Reimagine Phoenix initiative hopes to turn trash into an economic engine

The city hopes an initiative called Reimagine Phoenix can help turn the city's trash into one of its economic engines. (Sierra LaDuke/DD)
The city hopes an initiative called Reimagine Phoenix can help turn the city’s trash into one of its economic engines. (Sierra LaDuke/DD)

The city of Phoenix is calling for innovators to help repurpose the city’s trash in an initiative called Reimagine Phoenix.

Currently, Phoenix generates enough trash in a year to fill a major league baseball stadium seven times and needs to drive seven million miles to collect and transport it, said Gretchen Wolfe, project manager for the city’s Community and Economic Development Department, referencing a study done by the city.

The city hopes to divert 40 percent of that trash from the landfill by the year 2020 while creating a circular economy where trash is repurposed as resources for new products.

“Reimagine Phoenix is great for the City because it gives us a chance to educate the community about our programs and services and the importance of recycling and diversion efforts which will have a positive impact on the environment and economy,” said Ginger Spencer, the assistant public works director for the city of Phoenix.

U.S. Airways Center has collaborated with the city to help divert the stadium’s trash from the landfill, said Hector Dorame, facility services manager for the Phoenix Suns. However, he declined to say how much trash the stadium produces.

To reach the 2020 goal, the city is looking for businesses that can process or repurpose challenging items in the trash through Requests for Proposals for a pilot program called “Transforming Trash into Resources.”

Challenging items are materials that require a more innovative approach towards repurposing. These items include non-rechargeable batteries, carpeting, furniture, latex paint, mattresses, palm fronds and residential food waste.

The city also put out a Call for Innovators to seek input from on how the city’s land and trash can best be used to create economic value.

“The CFI and RFP innovate how the city processes what you and I toss in the trash can and the recycle bin and puts those items back into our economy to generate jobs, manufacture products and attract new businesses to Phoenix,” Wolfe said.

Reimagine Phoenix also includes plans to turn 27th Avenue and Lower Buckeye Road into a Resource Innovation Campus that could potentially house a composting facility with the ability to divert some of the 400 million pounds of compostable materials sent to the landfill, pending approval from city council in April.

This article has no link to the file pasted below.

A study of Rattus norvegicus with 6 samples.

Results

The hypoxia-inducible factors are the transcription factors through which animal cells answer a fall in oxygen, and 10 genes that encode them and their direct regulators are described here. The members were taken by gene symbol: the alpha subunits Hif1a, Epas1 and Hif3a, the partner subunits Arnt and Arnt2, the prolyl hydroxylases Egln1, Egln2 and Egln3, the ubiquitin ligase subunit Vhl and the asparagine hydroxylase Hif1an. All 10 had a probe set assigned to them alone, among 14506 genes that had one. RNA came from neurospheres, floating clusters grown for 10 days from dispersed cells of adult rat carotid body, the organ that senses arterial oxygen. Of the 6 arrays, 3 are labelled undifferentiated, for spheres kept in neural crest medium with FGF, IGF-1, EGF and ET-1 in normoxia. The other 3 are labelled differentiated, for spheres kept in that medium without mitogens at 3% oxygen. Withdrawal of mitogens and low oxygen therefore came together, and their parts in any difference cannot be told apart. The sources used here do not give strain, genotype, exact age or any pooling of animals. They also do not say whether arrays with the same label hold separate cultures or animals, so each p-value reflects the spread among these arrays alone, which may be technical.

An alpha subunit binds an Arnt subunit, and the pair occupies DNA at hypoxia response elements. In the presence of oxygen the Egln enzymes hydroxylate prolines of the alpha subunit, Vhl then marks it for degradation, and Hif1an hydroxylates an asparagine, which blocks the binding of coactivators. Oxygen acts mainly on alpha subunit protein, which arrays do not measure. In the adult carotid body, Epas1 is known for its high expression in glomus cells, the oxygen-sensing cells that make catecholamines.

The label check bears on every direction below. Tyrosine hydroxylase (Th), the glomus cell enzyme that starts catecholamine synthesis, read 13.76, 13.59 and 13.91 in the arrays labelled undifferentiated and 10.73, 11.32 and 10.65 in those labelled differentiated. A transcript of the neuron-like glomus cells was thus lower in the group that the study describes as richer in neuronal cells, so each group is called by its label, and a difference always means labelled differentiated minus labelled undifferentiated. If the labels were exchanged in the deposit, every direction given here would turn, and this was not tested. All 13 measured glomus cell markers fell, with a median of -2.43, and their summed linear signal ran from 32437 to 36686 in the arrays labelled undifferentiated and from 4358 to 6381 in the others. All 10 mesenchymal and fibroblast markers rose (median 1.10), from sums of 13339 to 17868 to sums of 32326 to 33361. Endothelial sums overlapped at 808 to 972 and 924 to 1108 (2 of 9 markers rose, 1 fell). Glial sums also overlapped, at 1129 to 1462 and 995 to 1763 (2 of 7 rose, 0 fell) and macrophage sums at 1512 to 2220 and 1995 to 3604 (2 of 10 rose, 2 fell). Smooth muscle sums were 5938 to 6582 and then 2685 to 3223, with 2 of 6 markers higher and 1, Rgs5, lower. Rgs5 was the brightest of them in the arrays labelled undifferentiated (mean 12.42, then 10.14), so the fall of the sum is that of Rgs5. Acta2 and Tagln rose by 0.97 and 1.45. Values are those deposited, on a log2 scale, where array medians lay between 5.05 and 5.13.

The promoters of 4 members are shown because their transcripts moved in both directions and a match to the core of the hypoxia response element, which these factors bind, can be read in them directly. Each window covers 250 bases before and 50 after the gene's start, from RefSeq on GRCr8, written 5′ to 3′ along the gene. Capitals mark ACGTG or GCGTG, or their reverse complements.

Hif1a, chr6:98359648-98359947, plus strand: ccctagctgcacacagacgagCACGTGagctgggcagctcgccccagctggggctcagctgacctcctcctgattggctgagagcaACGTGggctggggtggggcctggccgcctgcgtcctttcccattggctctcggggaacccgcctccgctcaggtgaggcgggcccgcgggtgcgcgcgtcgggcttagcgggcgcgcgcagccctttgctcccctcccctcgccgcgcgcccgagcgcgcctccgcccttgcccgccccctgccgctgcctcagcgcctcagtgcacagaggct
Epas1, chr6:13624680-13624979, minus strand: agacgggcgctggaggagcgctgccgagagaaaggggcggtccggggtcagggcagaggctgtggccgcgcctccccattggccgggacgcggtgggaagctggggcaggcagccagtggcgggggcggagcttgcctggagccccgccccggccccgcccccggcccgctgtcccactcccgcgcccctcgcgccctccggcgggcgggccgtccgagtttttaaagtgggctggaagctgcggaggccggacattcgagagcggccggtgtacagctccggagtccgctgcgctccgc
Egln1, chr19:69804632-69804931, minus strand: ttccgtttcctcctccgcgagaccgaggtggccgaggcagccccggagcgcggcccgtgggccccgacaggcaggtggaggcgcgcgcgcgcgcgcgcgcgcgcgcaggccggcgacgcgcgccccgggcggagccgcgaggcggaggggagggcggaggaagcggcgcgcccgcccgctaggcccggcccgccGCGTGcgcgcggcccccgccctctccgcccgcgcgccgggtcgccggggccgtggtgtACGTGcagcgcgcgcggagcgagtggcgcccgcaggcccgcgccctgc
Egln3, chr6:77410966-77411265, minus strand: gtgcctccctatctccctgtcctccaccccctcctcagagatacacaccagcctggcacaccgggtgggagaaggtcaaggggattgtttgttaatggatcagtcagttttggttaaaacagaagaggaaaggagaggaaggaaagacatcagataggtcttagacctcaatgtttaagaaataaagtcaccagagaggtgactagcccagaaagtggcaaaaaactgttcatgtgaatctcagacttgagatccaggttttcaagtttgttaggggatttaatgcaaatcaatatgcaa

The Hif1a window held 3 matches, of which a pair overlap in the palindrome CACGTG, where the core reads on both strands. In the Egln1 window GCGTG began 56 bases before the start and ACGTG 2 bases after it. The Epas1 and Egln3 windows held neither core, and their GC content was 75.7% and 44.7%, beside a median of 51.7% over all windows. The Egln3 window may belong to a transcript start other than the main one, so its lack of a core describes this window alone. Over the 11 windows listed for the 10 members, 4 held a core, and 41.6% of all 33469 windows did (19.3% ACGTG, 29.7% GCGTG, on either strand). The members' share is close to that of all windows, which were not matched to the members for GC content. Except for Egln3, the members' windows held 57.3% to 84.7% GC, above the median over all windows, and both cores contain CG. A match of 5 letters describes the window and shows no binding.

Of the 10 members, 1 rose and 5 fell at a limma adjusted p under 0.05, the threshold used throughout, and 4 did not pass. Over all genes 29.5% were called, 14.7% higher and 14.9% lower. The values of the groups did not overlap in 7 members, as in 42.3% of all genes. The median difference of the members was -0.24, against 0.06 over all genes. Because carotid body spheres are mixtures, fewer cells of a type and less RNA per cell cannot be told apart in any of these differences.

Charles Hamstra, deputy public works director for the city, said there are currently more green organics in the waste stream than the city of Phoenix can process. To remedy this, the composting facility could process 110,000 tons of material, which is equivalent to the amount collected from recycling.

“We’re hoping to encourage citizens to have a blue barrel for recycling, a trash barrel and a tan barrel for green organics,” Hamstra said.

The material from the tan container will then be pulled out of the waste stream, processed through the composting facility and made into products that can be used by Phoenix residents instead of going to the landfill.

The composting facility will also be designed to process food waste, which makes up 14.5 percent of residents’ trash.

The city commissioned a waste characterization study to further understand what is in the trash of Phoenix residents. The study was spanned over summer and winter, and the samples came from across the city. The results of the study’s initial phase were presented at a March 24 Transportation and Infrastructure Subcommittee meeting.

The data showed that in the summer of 2014 only 24.4 percent of residential garbage was not recoverable — the rest could have been repurposed. About 15 percent of the material that could have been recycled through curbside collection was actually being disposed.

Hamstra explained that about $4-$5 million of potential revenue is lost in the landfill, all because recyclables are being placed in the wrong bin.

“What we know is that education needs to be constant and continuous,” he said.

Phoenix’s diversion rate is currently at 20 percent and the city hopes to reach 40 percent with the help of more partners. Reimagine Phoenix is already partnered with Arizona State University’s Rob and Melani Walton Sustainability Solutions Initiatives and has received numerous inquires from innovators. The deadline to submit responses for the CFI and RFP is April 14, 2015 at 2 p.m..

Contact the reporter at Sara.Vermilyea@asu.edu.